In the simplest of terms, spinal stenosis describes a narrowing in your spinal canal. The condition is fairly common, especially as you age — 20% of adults over the age of 60 in the United States show evidence of spinal stenosis. The good news is that more than 80% don’t experience any symptoms, but for those who do, spinal stenosis can cast a long shadow.
To help you identify whether you might have spinal stenosis, the experienced team of spine health experts here at Spinal Diagnostics pulled together a few of the more common signs of the condition below.
Your sciatic nerve is the largest in your body — it starts in your lower back and then branches out and travels down the backs of your buttocks and legs. When you have sciatica, the nerve is pinched or compressed, which can lead to pain in your lower back, as well as pain or numbness down one side of your lower extremities.
One of the hallmarks of spinal stenosis in your lower back, or lumbar spinal stenosis, is a pain in your lower back that goes away when you hunch forward slightly. For example, if you get out of bed in the morning and stand upright, only to be met with pain, you often lean forward and walk around for a little bit until everything loosens up, and you can stand tall again.
Spinal stenosis often affects the areas of your spine that enjoy the most movement, including your neck and lower back. If you develop stenosis in either of those areas, you may experience numbness and/or tingling in your limbs — your buttocks, legs, and feet if you have lumbar spinal stenosis and the same symptoms in your arms and hands if you have cervical spinal stenosis.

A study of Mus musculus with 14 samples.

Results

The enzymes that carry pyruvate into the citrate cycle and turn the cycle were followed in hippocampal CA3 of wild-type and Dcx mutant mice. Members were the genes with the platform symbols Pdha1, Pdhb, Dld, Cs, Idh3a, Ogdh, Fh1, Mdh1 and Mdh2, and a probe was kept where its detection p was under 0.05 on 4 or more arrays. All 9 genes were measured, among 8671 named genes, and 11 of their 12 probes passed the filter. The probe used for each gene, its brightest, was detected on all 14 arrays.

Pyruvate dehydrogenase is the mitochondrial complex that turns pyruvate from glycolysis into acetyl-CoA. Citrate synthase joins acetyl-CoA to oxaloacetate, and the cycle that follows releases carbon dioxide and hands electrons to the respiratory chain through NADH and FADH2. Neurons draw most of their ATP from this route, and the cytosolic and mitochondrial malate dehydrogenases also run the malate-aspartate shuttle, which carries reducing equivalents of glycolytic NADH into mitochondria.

If the stenosis worsens, you may experience muscle weakness in your limbs.
Many people with symptomatic cervical spinal stenosis experience neck pain, which they usually describe as a dull ache that worsens as the day progresses. In addition to the pain, your neck may be stiff and difficult to move.
Another common sign of spinal stenosis is a feeling of heaviness in one or both of your legs, or perhaps your legs might be cramping more easily.
If you’re experiencing any of the symptoms we describe above, the only way to know for sure whether spinal stenosis is present is to come see for a full evaluation. After reviewing your symptoms, we turn to advanced imaging to identify any narrowing along your spinal canal that may lead to the nerve compression and your symptoms.
If we find spinal stenosis, we offer interventional therapies that can ease your symptoms, such as epidural spinal injections or nerve blocks.
If your spinal stenosis is more advanced and hampering your ability to move freely, we offer innovative procedures, such as Vertiflex®, which creates more space in your spinal canal. We also offer the Mild® procedure, during which we remove tiny pieces of tissue to create more space around your nerves.
For expert diagnosis and treatment of your spinal stenosis, please contact one of our locations in Tualatin and Newberg, Oregon, to set up a consultation.